By Rachel Champeau
UCLA researchers have pinpointed a new mechanism that potently activates T cells, the group of white blood cells that plays a major role in fighting infections.
The team specifically studied how dendritic cells, immune cells located at the site of an infection, become more specialized to fight the leprosy pathogen known as Mycobacterium leprae. Dendritic cells, like scouts in the field of a military operation, deliver key information about an invading pathogen that helps activate the T cells in launching a more effective attack.
The research appears online March 25 in the journal Nature Medicine.
It was previously known that dendritic cells were important for a strong immune response and that the number of dendritic cells at an infection site positively correlated with a robust reaction. However, until now it was poorly understood how dendritic cells become more specialized to address specific types of infections.
The researchers found that a protein called NOD2 triggers a cell-signaling molecule known as interleukin-32, which induces general immune cells called monocytes to become specialized, information-carrying dendritic cells.
“This is the first time that this potent infection-fighting pathway with dendritic cells has been identified and demonstrated to be important in fighting human disease,” said the study’s first author, Mirjam Schenk, a postdoctoral scholar in the division of dermatology at the David Geffen School of Medicine at UCLA.
In conducting the study, the scientists used monocytes taken from the blood of both healthy donors and leprosy patients and incubated the cells with the pathogen M. Leprae or specific parts of the mycobacteria known to trigger NOD2 and TLR2, both of which are associated with immune system activation.
The researchers wanted to investigate how these proteins might trigger mechanisms that “turn on” different immune receptors that recognize specific parts of the microbe in an infection. The NOD2 interleukin-32 pathway was the most effective and caused the monocytes to develop into dendritic cells that carry critical information about the pathogen to the T cells.
The team studied the gene-expression profiles of the protein-triggered pathways and also examined how the monocytes of leprosy patients responded to NOD2. They found that NOD2 worked to induce moncytes to become dendritic cells in tuberloid leprosy, a milder infection that is more easily contained. The NOD2 pathway was inhibited and could not be activated in lepromatous leprosy, which is more serious and causes widespread infection throughout the body.
“We were surprised to find the high potency of the dendritic cells in triggering certain specific T cell responses, which may be useful in developing new therapeutic strategies for infectious diseases and cancer,” said senior investigator Dr. Robert Modlin, UCLA’s Klein Professor of Dermatology and chief of dermatology at the Geffen School of Medicine.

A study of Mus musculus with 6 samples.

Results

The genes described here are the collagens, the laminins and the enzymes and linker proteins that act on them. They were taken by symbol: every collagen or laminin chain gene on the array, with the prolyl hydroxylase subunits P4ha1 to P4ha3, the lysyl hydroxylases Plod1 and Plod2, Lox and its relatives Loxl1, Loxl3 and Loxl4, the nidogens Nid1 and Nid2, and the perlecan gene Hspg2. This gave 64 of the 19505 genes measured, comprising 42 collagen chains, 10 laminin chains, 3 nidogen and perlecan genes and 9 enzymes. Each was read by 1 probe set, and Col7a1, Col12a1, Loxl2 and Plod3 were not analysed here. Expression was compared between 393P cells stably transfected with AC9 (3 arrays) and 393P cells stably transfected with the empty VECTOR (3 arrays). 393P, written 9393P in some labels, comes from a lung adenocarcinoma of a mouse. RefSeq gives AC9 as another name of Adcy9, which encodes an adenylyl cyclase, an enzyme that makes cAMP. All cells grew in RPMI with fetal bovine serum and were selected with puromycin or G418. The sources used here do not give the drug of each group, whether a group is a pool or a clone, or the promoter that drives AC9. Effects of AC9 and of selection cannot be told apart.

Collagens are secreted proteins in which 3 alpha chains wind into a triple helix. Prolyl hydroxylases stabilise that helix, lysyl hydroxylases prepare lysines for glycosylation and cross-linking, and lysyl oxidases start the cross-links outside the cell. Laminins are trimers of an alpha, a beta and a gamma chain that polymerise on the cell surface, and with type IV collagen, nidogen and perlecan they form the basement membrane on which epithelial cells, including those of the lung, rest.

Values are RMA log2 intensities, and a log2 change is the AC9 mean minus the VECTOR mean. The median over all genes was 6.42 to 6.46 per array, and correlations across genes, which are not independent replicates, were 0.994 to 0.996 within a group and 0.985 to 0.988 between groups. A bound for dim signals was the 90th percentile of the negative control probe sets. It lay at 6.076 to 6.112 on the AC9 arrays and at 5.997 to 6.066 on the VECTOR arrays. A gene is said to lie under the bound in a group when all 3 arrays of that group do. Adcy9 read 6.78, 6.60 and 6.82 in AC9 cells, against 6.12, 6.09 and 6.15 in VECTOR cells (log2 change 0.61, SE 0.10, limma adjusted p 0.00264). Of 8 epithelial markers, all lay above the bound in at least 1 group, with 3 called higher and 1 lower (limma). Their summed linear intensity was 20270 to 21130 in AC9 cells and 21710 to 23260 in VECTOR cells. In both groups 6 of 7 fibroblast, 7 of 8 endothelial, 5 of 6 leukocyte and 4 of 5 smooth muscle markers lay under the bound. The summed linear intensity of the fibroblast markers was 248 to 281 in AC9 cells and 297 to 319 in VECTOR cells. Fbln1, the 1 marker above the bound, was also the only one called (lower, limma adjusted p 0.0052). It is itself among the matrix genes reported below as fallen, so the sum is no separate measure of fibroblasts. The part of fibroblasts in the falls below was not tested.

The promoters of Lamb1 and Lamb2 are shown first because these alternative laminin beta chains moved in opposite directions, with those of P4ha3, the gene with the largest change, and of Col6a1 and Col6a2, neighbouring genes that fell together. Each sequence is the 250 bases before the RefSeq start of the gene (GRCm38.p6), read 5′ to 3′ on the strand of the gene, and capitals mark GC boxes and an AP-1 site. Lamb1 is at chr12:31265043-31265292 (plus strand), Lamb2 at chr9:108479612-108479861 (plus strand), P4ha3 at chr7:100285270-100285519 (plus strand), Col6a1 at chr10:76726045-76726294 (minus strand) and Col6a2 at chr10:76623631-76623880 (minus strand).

Leprosy, one of the world’s oldest known diseases, is a chronic infectious disease that affects the skin, the peripheral nerves, the upper respiratory tract and the eyes and can lead to disfigurement of the hands, face and feet. In 2008, approximately 249,000 new cases of leprosy were reported worldwide, according to the World Health Organization.
Modlin said leprosy is a good model for studying immune mechanisms in host defense since it presents as a clinical spectrum that correlates with the level and type of immune response of the pathogen.
In the next stage of research, the scientists will attempt to further understand how to manipulate the innate immune system to induce a potent immune response in human infections, and possibly for cancer immunotherapy as well.
The study was funded by the NIH’s National Institute of Allergy and Infectious Diseases and National Institute of Arthritis and Musculoskeletal and Skin Diseases. (Grant numbers: RO1s AI022553, AR040312 and AI047868.)
Additional study authors included Stephan R Krutzik, Peter A Sieling, Delphine J. Lee, Rosane M. B. Teles and Maria Teresa Ochoa from the dermatology division in the department of medicine at the David Geffen School of Medicine at UCLA; Evangelia Komisopoulou and Thomas G. Graeber from UCLA’s Crump Institute for Molecular Imaging, Institute for Molecular Medicine, Jonsson Comprehensive Cancer Center, California NanoSystems Institute, and department of molecular and medical pharmacology; Euzenir N. Sarno from the department of mycobacteriosis at the Oswaldo Cruz Foundation in Rio de Janeiro, Brazil; Thomas H. Rea from the department of dermatology at the University of Southern California School of Medicine; Soohyun Kim from the department of biomedical science and technology at Konkuk University in Seoul, South Korea; and Genhong Cheng from the department of microbiology, immunology and molecular genetics at the David Geffen School of Medicine at UCLA.